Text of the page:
Annals of commercial verbing: showroom

From Garson O’Toole to ADS-L yesterday, on sightings of showrooming, including a link to the Wikipedia entry, which begins:

Showrooming is the act of examining merchandise in a brick and mortar retail store without purchasing it there, then shopping online to find a lower price for the same item. Online stores often offer lower prices than brick and mortar stores because they do not have the overhead cost. Showrooming can be costly to the retailers, not only in the loss of the sale, but also due to damage caused to the store’s floor samples of a product.

From this evidence, the term seems to be recent: O’Toole’s (and Wikipedia’s) cites are from 2011 and 2012.

And now we have verb forms other than the PRP (in -ing) used as a gerund; the noun showroom has been fully verbed.

O’Toole started with a story (by Roland Jones) from yesterday at “Market Day on”:

Best Buy, other big retailers fighting back against ‘showrooming’

Big box retailers such as Best Buy have suffered from “showrooming,” where customers come into a store to find products they want to buy, but then walk out and purchase them for discounted prices at an online retailer, such as

went on the Wikipedia entry (which seems to have first appeared in January) and added a NYT article (by Julie Bosman) from 12/4/11:

Book Shopping in Stores, Then Buying Online

Bookstore owners everywhere have a lurking suspicion: that the customers who type into their smartphones while browsing in the store, and then leave, are planning to buy the books online later – probably at a steep discount from the bookstores’ archrival,

Now a survey has confirmed that the practice, known among booksellers as showrooming, is not a figment of their imaginations.

Now a few examples with forms other than PRP as gerund. First, PRP as progressive:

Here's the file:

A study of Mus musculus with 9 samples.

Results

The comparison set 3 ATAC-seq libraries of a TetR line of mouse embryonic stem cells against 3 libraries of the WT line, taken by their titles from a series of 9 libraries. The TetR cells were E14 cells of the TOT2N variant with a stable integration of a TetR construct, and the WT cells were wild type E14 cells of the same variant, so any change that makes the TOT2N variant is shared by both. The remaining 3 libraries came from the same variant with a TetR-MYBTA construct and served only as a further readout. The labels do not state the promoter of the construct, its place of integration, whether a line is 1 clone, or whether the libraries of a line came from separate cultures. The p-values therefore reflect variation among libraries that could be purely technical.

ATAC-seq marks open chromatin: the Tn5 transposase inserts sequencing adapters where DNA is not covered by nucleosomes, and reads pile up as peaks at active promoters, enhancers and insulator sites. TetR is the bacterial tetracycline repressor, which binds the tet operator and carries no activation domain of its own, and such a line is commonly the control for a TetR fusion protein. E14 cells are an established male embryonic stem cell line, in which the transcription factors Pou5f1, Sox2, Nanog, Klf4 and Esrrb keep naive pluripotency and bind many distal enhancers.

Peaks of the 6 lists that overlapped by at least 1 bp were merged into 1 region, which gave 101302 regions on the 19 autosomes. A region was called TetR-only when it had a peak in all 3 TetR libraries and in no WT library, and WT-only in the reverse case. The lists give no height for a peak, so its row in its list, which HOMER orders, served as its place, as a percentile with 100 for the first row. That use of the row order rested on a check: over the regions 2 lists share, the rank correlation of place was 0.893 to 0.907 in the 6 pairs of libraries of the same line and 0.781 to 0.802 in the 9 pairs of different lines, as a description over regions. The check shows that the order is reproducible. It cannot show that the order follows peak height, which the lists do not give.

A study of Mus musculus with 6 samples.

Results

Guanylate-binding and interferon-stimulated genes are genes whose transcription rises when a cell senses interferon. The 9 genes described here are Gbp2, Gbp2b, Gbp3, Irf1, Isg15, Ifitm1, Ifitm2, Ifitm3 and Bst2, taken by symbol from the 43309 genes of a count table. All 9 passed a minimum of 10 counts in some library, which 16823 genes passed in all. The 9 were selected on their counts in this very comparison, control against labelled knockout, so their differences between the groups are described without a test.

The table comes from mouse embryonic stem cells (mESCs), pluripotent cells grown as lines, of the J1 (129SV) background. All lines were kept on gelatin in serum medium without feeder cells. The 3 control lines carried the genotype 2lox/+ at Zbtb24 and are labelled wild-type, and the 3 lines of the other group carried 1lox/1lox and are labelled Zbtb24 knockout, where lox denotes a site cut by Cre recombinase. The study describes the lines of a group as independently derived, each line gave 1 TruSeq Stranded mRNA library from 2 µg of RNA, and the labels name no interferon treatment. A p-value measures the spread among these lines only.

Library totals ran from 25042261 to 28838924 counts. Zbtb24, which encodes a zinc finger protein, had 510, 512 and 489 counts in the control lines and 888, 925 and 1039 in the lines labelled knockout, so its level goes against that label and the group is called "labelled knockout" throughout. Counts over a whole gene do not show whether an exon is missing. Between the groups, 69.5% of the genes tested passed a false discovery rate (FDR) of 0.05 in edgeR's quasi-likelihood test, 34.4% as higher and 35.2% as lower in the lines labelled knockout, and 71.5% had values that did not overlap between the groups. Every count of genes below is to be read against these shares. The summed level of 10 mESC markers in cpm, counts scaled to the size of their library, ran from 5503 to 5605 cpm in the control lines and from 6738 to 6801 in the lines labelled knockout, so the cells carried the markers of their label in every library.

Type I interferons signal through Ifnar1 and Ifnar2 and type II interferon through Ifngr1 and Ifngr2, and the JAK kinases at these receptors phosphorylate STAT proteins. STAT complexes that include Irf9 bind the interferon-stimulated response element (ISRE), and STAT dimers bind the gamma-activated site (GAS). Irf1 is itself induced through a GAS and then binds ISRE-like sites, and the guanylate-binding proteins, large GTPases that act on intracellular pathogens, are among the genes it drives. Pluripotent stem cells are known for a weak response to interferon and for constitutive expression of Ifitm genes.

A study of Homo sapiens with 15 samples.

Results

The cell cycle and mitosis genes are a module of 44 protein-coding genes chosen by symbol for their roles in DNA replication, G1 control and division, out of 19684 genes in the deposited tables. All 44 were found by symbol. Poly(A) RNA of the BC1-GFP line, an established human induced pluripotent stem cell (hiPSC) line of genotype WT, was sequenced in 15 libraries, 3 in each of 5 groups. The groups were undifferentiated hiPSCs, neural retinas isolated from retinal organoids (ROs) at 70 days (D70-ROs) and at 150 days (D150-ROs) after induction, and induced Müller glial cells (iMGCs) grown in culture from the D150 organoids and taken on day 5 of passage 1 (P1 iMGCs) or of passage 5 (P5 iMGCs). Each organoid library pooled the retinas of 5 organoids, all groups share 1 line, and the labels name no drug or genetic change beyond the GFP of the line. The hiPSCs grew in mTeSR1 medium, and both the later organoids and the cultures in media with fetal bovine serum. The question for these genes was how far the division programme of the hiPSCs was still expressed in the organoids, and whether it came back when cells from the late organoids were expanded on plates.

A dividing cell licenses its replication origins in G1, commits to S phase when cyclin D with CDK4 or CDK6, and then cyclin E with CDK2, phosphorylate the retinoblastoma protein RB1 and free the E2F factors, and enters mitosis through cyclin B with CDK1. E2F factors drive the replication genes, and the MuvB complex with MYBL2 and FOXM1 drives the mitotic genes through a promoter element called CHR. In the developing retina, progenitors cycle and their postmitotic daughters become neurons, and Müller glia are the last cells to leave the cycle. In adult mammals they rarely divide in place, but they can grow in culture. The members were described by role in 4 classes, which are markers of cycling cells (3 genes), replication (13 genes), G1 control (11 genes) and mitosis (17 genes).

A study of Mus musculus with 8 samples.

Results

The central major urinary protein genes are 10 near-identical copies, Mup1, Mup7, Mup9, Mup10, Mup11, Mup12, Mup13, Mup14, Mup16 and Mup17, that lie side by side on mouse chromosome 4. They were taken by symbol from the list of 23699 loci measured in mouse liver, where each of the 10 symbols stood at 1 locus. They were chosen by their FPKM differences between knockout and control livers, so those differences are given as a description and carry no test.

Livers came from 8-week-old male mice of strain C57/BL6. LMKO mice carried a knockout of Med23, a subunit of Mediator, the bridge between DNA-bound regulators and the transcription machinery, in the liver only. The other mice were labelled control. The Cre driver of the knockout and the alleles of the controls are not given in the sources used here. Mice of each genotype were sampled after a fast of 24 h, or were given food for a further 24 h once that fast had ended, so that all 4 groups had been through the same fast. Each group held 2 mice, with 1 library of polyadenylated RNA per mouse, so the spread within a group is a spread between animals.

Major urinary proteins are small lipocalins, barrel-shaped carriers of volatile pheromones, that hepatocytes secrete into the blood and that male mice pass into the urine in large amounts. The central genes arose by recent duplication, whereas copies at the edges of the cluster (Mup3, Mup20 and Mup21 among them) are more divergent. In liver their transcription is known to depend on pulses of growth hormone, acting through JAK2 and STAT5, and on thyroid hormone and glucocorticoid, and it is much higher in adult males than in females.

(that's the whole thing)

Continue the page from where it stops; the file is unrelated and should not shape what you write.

The shoppers are showrooming but retailers’ best hope is in helping them (link)

Then PSP in a perfect, PSP in a passive, and BSE (in a marked infinitive):

Have you ‘showroomed’ lately? (link)

Brick and Mortars: Don’t Be Showroomed Out of Business (link)

Target doesn’t want to ‘showroom’ for Amazon. (link)

(All are from 2012.)

Paul McFedries’s Word Spy site has a recent entry for showroom; his earliest cite is the Bosman quote above, and he gives two other, the first of which has the PST form:

According to Codex Group, a book audience research firm in New York, people use their neighborhood stores as a form of literary dressing room: Try it on for size, but buy it elsewhere. It’s a trend that shows no sign of abating, said Peter Hildick-Smith, president of Codex.

Earlier this year, his firm surveyed 5,067 book buyers from around the country about their buying habits and 28 percent said they “showroomed.”
—Rosalind Bentley, “Bookstores losing browsers to Web,” The Atlanta Journal-Constitution, December 17, 2011

As the last of what were once more than 500 Borders bookstores disappeared, along with hundreds of independents, Amazon helped to add a new word — “showrooming” — to the fast-evolving digital lexicon. —John Barber, “Amazon’s ‘showrooming’ tactic the latest to enrage booksellers,” The Globe and Mail, December 23, 2011

So: quite recent, but now well established, in all of its inflectional forms.


One Response to “Annals of commercial verbing: showroom

  1. arnold zwicky Says:

    Just to note — since someone is bound to — that showroom has been verbed in other senses: ‘exhibit in a showroom’ (showroomed the new car models) and ‘make into a showroom’ (showroomed the gallery.